Feeds

Why are so many humans near sighted?

Myopia linked to modern life?

Secure remote control for conventional and virtual desktops

Also in this week's column:

Why are so many modern humans near sighted?

Asked by Alan Harper of Oakland, California, USA

The eye receives rays of light and bends them so that an image is resolved on a small point of the retina. But things can go wrong.

If the rays focus in front of the retina, the person has myopia (aka near-sightedness or short-sightedness) and suffers blurred vision of distant objects. But if the rays focus at a point behind the retina, the person has hyperopia (aka hypermetropia, far-sightedness or long-sightedness) and suffers blurred vision of nearby objects.

According to Dr Stephen Miller, director of the clinical care centre of the American Optometric Association in St Louis, "the shape of the eyeball and the focusing power of the lens and cornea help determine focus, but the angle at which light rays hit the eye plays a role".

"Light comes into the eye from all directions. Rays entering the eye at an angle from above or below would tend to focus somewhere before or behind the centre of vision. Those rays coming in essentially perpendicular to the eye, on the other hand, would tend to be focused more directly on the retina, providing a clearer image of what one is looking at."

Myopia occurs in at least seven different forms, occurs in varying degrees of severity, and can first develop in infancy, youth, or adulthood. The prevalence of myopia varies from country to country. Depending upon how it is defined, myopia rates are as high as 70 to 90 per cent in Asia, 30 to 40 per cent in Europe and the US, but only 10 to 20 per cent in Africa.

A 2005 study published in Optometry and Vision Science found that slightly more than 50 per cent of UK first-year university students are myopic.

School myopia appears during the childhood school years. This form of myopia is attributed to use of the eyes for close work at school.

As humans use their eyes more and more in close activities (reading, computers, video games, television, and so on) in our modern world, it's not surprising there is so much myopia.

Stephen Juan, Ph.D. is an anthropologist at the University of Sydney. Email your Odd Body questions to s.juan@edfac.usyd.edu.au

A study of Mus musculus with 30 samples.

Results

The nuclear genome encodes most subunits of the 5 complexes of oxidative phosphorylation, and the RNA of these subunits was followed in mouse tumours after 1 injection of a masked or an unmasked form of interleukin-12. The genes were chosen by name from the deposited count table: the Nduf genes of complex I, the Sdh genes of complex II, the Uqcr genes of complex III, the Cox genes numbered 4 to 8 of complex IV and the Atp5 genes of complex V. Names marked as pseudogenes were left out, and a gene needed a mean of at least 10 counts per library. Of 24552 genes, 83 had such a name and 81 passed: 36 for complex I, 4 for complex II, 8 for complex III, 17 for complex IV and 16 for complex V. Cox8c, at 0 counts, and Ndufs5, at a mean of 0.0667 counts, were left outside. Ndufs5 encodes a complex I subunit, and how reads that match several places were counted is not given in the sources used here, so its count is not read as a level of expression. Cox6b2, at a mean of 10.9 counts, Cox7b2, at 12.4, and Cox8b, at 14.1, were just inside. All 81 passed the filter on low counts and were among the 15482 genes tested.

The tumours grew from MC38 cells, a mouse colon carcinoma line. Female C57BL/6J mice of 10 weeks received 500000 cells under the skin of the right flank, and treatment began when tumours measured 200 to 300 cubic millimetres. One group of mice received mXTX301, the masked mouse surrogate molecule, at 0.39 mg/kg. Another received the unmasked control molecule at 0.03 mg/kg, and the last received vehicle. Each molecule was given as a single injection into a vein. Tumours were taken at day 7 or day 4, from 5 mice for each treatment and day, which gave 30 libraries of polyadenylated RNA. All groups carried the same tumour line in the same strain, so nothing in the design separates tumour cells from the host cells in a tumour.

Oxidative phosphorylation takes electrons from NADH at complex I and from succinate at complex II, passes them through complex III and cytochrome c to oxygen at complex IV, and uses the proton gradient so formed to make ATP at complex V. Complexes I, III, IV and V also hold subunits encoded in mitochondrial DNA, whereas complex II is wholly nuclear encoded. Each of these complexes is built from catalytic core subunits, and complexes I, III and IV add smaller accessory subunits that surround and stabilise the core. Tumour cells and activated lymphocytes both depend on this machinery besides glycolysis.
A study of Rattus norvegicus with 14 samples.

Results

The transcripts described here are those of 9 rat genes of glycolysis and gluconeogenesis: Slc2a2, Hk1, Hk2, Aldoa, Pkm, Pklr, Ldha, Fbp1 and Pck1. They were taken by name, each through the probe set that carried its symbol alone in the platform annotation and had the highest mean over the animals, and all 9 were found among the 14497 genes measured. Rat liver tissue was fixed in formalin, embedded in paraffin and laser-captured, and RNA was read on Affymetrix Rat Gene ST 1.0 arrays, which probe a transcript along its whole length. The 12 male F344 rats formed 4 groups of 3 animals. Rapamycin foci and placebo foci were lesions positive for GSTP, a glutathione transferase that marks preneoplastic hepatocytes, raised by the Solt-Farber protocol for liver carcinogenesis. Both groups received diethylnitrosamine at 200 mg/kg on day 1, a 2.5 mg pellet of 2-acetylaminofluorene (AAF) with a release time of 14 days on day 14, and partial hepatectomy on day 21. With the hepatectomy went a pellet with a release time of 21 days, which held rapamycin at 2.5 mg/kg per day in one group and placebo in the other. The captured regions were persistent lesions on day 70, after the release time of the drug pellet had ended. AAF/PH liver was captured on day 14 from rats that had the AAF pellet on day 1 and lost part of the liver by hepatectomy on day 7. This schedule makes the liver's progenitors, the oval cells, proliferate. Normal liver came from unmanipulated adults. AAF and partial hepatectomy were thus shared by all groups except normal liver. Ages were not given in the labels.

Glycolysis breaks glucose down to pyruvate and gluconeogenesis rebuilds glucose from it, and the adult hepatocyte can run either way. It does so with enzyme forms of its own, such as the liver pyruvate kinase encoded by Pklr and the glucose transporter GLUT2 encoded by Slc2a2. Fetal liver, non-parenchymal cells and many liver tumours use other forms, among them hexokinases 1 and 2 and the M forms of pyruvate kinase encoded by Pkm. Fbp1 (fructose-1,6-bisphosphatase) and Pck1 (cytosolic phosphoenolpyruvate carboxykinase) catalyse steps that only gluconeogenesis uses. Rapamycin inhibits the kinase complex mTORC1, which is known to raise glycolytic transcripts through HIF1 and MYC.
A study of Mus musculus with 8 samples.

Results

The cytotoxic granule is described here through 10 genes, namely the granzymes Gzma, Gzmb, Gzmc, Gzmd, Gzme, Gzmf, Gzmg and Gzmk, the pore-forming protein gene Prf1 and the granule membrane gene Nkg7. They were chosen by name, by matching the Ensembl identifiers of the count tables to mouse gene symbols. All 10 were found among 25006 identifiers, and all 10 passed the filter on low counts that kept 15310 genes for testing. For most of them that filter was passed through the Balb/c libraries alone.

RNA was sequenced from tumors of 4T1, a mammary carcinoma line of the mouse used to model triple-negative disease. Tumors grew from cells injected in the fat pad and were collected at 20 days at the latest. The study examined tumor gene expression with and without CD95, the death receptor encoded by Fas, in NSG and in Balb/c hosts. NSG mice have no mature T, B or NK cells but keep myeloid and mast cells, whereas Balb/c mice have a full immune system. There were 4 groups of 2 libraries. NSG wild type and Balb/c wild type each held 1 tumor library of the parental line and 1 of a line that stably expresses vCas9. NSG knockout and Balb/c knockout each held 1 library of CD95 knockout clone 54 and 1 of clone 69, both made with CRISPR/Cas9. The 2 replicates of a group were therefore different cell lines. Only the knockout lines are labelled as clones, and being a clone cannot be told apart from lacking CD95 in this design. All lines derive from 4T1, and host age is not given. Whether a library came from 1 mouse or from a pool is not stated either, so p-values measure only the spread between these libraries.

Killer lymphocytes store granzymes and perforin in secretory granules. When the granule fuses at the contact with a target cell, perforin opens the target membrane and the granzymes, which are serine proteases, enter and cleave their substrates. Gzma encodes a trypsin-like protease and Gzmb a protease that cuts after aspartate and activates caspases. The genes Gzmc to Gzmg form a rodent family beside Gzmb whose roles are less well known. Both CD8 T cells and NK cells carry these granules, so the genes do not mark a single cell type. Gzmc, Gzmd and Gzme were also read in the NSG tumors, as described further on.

Boost IT visibility and business value

More from The Register

next story
Our LOHAN spaceplane ballocket Kickstarter climbs through £8000
Through 25 per cent but more is needed: Get your UNIQUE rewards!
Cutting cancer rates: Data, models and a happy ending?
How surgery might be making cancer prognoses worse
Boffins ID freakish spine-smothered prehistoric critter: The CLAW gave it away
Bizarre-looking creature actually related to velvet worms
CRR-CRRRK, beep, beep: Mars space truck backs out of slippery sand trap
Curiosity finds new drilling target after course correction
SpaceX prototype rocket EXPLODES over Texas. 'Tricky' biz, says Elon Musk
No injuries or near injuries. Flight stayed in designated area
Brit balloon bod Bodnar overflies North Pole
B-64 amateur ultralight payload approaching second circumnavigation
Galileo, Galileo! Galileo, Galileo! Galileo fit to go. Magnifico
I'm just a poor boy, nobody loves me. But at least I can find my way with ESA GPS by 2017
Astronomers scramble for obs on new comet
Amateur gets fifth confirmed discovery
prev story

Whitepapers

Implementing global e-invoicing with guaranteed legal certainty
Explaining the role local tax compliance plays in successful supply chain management and e-business and how leading global brands are addressing this.
5 things you didn’t know about cloud backup
IT departments are embracing cloud backup, but there’s a lot you need to know before choosing a service provider. Learn all the critical things you need to know.
Why and how to choose the right cloud vendor
The benefits of cloud-based storage in your processes. Eliminate onsite, disk-based backup and archiving in favor of cloud-based data protection.
Top 8 considerations to enable and simplify mobility
In this whitepaper learn how to successfully add mobile capabilities simply and cost effectively.
High Performance for All
While HPC is not new, it has traditionally been seen as a specialist area – is it now geared up to meet more mainstream requirements?